Students: Did You Know...

This page explores a range of topics related to academic standards and academic integrity. More questions? Contact the Office of Academic Integrity via email or by phone at (304) 293-8111!


  1. General Information
  2. Appeals
  3. Plagiarism
  4. Cheating
  5. Fabrication or Falsification
  6. Facilitation
  7. Sanctions
  8. Things that Lead to Academic Dishonesty
  9. Resources

General Information

  • That reports of academic dishonesty have risen nearly 500% in the last three years?
  • That anything that allows you to gain an unfair advantage over another student may be considered academic dishonesty?
  • That you may be held responsible for academic dishonesty, even if you did not know that you violated the University's rules?
  • That academic dishonesty can occur outside of a class - for example, in your application for admission?
  • That you have both rights and responsibilities as a WVU student, including:


  • That you only have ten academic days to appeal a final grade?
  • That you only have ten academic days after being notified by email to appeal a charge or sanction related to academic dishonesty?
  • That not responding to an email that notifies you about a charge of academic dishonesty is the same as accepting the charge and proposed sanction?


  • That the University's definition of academic dishonesty includes multiple types of plagiarism?
    • That you can plagiarize yourself - for example, by reusing work you submitted in another class (or in the same course, if you have taken it before)?
    • That you can plagiarize someone's words, ideas, or media?
    • That you can plagiarize something that isn't published, such as a friend's paper?
    • That paraphrasing or directly quoting something without citing it is plagiarism?
    • That even if you cite something, it is still plagiarism if you improperly paraphrase it or fail to use quotation marks?
    • That it is never acceptable to pay someone to complete academic work for you?
    • That it is never acceptable to turn in something that simply isn't yours?
  • That faculty can and will use technology - such as Google or Turnitin - to detect plagiarism and find plagiarized sources?


  • That the University's definition of cheating includes more than just copying from someone else on an exam?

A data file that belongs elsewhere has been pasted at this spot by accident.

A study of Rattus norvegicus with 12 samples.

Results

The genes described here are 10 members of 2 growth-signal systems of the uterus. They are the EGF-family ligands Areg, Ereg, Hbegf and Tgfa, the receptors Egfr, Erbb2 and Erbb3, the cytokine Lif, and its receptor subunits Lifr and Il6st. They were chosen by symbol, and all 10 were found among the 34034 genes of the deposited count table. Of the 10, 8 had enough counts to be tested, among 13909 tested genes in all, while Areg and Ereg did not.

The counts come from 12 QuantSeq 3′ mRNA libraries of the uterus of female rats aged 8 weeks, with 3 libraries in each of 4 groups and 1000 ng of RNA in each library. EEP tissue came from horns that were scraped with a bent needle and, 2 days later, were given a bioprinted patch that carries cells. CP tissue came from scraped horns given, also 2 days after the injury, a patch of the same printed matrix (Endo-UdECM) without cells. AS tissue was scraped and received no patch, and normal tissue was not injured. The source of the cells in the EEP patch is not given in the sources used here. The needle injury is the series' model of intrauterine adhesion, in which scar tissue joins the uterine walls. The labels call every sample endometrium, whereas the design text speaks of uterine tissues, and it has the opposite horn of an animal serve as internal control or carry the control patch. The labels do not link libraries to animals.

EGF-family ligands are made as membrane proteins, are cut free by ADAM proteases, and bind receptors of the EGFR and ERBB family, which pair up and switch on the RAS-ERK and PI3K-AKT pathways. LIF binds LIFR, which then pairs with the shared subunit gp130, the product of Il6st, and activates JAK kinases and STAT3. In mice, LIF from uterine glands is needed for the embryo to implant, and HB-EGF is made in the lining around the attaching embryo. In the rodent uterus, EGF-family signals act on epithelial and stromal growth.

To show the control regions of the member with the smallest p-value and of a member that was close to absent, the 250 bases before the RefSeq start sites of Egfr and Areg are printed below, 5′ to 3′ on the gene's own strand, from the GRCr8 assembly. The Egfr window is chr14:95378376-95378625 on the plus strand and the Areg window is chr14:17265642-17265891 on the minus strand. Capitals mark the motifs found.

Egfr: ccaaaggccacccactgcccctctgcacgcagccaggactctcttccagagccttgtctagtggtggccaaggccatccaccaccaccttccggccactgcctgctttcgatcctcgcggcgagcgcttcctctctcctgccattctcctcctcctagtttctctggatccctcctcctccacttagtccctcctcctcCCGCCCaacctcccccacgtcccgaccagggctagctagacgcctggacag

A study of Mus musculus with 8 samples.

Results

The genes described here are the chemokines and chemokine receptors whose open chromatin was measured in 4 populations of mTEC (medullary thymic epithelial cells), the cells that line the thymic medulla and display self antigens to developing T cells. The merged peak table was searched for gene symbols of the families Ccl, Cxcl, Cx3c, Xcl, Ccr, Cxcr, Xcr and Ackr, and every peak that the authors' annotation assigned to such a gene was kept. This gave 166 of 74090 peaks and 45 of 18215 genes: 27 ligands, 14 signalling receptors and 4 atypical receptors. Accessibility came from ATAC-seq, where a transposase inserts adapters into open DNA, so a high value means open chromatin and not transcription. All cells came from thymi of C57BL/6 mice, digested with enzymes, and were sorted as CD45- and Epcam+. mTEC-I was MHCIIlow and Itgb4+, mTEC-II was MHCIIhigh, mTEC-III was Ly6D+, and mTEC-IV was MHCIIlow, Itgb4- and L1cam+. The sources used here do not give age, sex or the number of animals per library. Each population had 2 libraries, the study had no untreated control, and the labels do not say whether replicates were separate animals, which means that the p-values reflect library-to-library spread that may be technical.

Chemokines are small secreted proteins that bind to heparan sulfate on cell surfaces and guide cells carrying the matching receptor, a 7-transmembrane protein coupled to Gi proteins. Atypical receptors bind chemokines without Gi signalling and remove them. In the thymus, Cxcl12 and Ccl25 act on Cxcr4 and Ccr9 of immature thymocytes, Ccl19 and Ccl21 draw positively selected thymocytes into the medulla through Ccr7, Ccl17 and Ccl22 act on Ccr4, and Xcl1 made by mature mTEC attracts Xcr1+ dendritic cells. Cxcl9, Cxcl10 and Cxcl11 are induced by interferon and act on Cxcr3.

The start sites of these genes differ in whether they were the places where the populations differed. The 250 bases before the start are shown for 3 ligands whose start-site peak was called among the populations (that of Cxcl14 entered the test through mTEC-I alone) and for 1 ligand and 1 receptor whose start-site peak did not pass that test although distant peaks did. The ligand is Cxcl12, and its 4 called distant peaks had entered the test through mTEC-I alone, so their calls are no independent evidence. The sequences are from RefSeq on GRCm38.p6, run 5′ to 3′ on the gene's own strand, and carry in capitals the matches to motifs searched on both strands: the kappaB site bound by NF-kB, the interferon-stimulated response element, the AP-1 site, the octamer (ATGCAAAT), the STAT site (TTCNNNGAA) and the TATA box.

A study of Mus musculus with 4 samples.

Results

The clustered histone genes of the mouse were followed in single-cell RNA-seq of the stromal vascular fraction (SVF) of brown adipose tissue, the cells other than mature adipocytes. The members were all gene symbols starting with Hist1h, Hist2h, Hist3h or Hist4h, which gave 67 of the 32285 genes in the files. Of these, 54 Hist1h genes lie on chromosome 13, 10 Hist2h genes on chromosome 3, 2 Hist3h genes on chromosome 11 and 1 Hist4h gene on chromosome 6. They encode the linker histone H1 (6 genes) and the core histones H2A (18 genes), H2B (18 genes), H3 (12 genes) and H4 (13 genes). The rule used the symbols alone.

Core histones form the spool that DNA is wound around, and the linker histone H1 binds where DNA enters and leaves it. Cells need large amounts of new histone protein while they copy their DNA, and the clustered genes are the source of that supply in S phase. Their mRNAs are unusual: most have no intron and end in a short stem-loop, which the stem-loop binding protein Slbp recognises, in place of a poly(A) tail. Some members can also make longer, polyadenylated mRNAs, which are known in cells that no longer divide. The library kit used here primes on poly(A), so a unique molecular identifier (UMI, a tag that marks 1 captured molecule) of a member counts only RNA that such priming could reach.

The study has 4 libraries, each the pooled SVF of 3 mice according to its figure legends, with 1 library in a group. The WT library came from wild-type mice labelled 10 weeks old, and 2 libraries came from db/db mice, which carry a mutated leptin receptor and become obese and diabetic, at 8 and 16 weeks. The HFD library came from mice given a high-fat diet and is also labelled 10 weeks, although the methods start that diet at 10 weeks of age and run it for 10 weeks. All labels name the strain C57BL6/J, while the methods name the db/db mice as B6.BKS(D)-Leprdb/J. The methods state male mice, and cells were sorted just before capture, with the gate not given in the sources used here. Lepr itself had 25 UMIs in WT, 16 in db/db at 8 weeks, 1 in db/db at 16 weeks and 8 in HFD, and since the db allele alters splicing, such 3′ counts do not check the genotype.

• That working with other students on an assignment may or may not be considered cheating - and that you should always ask your instructor to make sure?
    • That working with other students on an exam is academic dishonesty?
    • That using a phone, smart watch, tablet, laptop, website, notes, or anything else the instructor hasn't specifically permitted to complete work is academic dishonesty?
    • That using course materials like old tests, assignments, or even notes (whether online or given to you by another student) without the permission of the instructor can be academic dishonesty?
    • That working with others to intentionally cheat is likely to result in more severe sanctions?
    • That the amount and ways you can work with other students is likely to be different for each instructor, course, major, and college?

Fabrication or Falsification

  • That all forms of fraud - as defined in the University's policy - are serious violations of the University's academic integrity rules?
    • That helping someone else get attendance points - by signing them into class, or using their iClicker - is academic dishonesty?
    • That forging or altering an "educational record" - for example, a grade - is academic dishonesty?
    • That impersonating another student is academic dishonesty?
    • That lying during the investigation or appeal process is academic dishonesty, and can lead to new charges and sanctions?


  • That under the University's definition of academic dishonesty, helping someone else cheat - or persuading them to cheat on your behalf - is treated just as seriously as taking that assistance?


  • That you can fail a course, receive an Unforgivable F (one that never comes off your transcript), and even be dismissed from your major or expelled from the University on your first academic dishonesty violation?
  • That repeated offenses can and often do lead to dismissals from a major, probation, suspension, and/or expulsion from the University?

Things that Lead to Academic Dishonesty

  • That students identify many different factors that can lead to academic dishonesty, such as:
    • Lack of interest in your courses?
    • Financial stress - for example, potential loss of a scholarship?
    • Fear of failure?
    • Simply having the opportunity to cheat?
    • Lack of a connection with your instructor?
    • Feeling like you have too much work?
    • Procrastination or poor time-management skills?
    • Lacking self-confidence?
    • Peer pressure - for example, surrounding yourself with others who cheat?
    • Anxiety about grades - or about your future, more generally?


  • That you can ask your instructor, your department chair or dean, or the Office of Academic Integrity if what you’re doing (or thinking about doing) is acceptable?
  • That you can share any concerns about academic dishonesty with the Office of Academic Integrity?
  • That your instructor can explain to you how you will earn your grade and what you can do to get feedback before something is due?
  • That the Carruth Center is available to provide support when you feel overwhelmed or anxious?
  • That the University has an Office of Student Success, which offers multiple services - from tutoring to success coaching?
  • That WVU Libraries has a plagiarism avoidance tutorial that you can take anytime for free?
  • That the Office of Global Affairs provides additional resources and services for international students?